According to emergency dispatchers, an estimated 500 flooding calls were received in 12 hours.

As the rain continued to fall overnight, flooding concerns grew. A rising Chartiers Creek sent water into the basements of many homes, which damaged valuables.

“Bar, pool table, hockey table, bar tables…and everything’s gone. It went like that and filled up probably in less than an hour,” one man said. “The furnace was only like six, seven years old, the hot water tank was new, they’re done. Washer, dryer, they’re done, everything.”

houston flooding Storms Cause Widespread Flooding In Washington, Westmoreland Counties

(Photo Credit: KDKA)

Some say Main Street in Houston Borough is prone to flooding and the problem is only getting worse.

“It’s gotten worse over the years,” Bill Richards said. “They keep building over us and we just get all of the runoff down here.”

“Houston always gets it every time it floods, they get it the worst up there,” Leonard Bennett said.

On Route 40 in Washington, some drivers chose to ignore cones and barricades blocking the closed road, instead driving through the water.

The floodwaters may soon recede, but the damage has already been done.

At the peak of the flooding, more than 30 roads were closed in the county. Part of Route 40 was still closed Friday morning.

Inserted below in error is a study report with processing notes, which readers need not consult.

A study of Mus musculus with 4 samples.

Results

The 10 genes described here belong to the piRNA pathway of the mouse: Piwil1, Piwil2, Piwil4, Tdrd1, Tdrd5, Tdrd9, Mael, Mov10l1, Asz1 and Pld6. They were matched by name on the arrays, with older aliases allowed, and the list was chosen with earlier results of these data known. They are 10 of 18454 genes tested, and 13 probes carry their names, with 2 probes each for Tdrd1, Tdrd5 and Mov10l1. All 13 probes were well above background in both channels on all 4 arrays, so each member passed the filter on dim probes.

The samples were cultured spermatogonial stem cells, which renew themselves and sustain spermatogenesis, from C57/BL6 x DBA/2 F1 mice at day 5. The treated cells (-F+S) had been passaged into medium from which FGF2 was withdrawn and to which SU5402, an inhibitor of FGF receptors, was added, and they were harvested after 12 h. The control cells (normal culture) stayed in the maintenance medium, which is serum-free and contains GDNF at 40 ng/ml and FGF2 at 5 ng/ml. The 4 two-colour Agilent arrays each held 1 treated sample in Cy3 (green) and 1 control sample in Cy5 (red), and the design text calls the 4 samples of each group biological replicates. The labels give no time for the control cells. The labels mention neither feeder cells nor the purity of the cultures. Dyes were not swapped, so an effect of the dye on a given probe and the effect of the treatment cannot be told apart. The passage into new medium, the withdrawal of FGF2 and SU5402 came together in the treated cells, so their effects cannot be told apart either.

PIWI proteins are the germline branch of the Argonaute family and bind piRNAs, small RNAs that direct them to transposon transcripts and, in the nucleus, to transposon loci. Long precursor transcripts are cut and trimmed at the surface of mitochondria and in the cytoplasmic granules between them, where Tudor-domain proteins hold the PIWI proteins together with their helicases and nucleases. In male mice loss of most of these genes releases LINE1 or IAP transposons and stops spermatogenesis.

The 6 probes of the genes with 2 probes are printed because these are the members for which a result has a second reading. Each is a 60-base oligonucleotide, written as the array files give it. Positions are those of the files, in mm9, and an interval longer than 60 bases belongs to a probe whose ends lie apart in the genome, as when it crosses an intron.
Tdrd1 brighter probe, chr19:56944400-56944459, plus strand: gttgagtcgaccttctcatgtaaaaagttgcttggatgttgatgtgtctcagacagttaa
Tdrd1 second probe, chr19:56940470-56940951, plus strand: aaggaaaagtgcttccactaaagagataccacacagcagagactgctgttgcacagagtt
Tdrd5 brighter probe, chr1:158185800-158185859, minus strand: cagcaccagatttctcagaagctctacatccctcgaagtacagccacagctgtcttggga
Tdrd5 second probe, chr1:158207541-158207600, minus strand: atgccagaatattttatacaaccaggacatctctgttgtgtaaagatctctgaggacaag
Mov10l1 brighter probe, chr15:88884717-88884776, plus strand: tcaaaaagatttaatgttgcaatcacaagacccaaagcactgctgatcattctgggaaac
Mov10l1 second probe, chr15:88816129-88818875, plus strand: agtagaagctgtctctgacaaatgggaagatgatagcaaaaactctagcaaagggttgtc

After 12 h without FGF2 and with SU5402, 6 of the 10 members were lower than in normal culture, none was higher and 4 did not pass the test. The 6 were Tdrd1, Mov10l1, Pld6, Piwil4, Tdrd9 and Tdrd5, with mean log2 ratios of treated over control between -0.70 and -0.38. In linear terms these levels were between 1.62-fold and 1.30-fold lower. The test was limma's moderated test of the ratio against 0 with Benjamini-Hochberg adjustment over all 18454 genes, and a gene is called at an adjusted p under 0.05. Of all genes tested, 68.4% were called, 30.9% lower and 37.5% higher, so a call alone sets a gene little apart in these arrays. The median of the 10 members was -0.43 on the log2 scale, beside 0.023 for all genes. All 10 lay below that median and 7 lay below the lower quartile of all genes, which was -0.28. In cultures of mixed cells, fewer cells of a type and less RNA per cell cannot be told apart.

One man said the flooding is as bad as when Hurricane Ivan came through in 2004.

The City of Washington Fire Department asked people to avoid the areas of Wylie and Jefferson Avenues, S. Main and Park Avenues, as well as West Maiden Street and W. Wheeling at Washington Streets due to flooding.

There were also multiple flooding reports in Charleroi, Speers and other nearby areas. Officials warned residents to avoid those areas.

KDKA’s Bob Allen Reports:

Over in Westmoreland County, Rostraver was one of the hardest hit areas. Firefighters had to rescue several people, including children, from rising waters.

One rescue was caught on cellphone video, a firefighter carrying one of Crystal Williams’ children to safety.

A nearby creek spilled over its bank during Thursday night’s storms, and invaded Williams’ home on Elks Place. She called 911 when water started coming in under her door, into her kitchen and living room.

“Within 20 minutes, it was already a foot high in here. And I called them, and I said, ‘Listen, my car is already underwater. You told us to stay put.’ I said, ‘I’ve got three children in this house, two adults,’” said Crystal.

As the water rushed in, Crystal said she felt a shock by an electrical current, and that’s when she knew it was time to get out.

Anything on the floor of her home was destroyed.

“We just got a new stove, we just got a new washer and dryer, it’s all shot,” she said. “But we’re all safe.”

Carter Williams says trying to escape the rising waters was difficult.

“Leaving was really bad because, number one, the water was rushing past you real fast, it’s almost about to knock you over, and it was super cold,” said Carter. “Within probably just a couple of seconds my legs were on fire ‘cause it was hurting so bad.”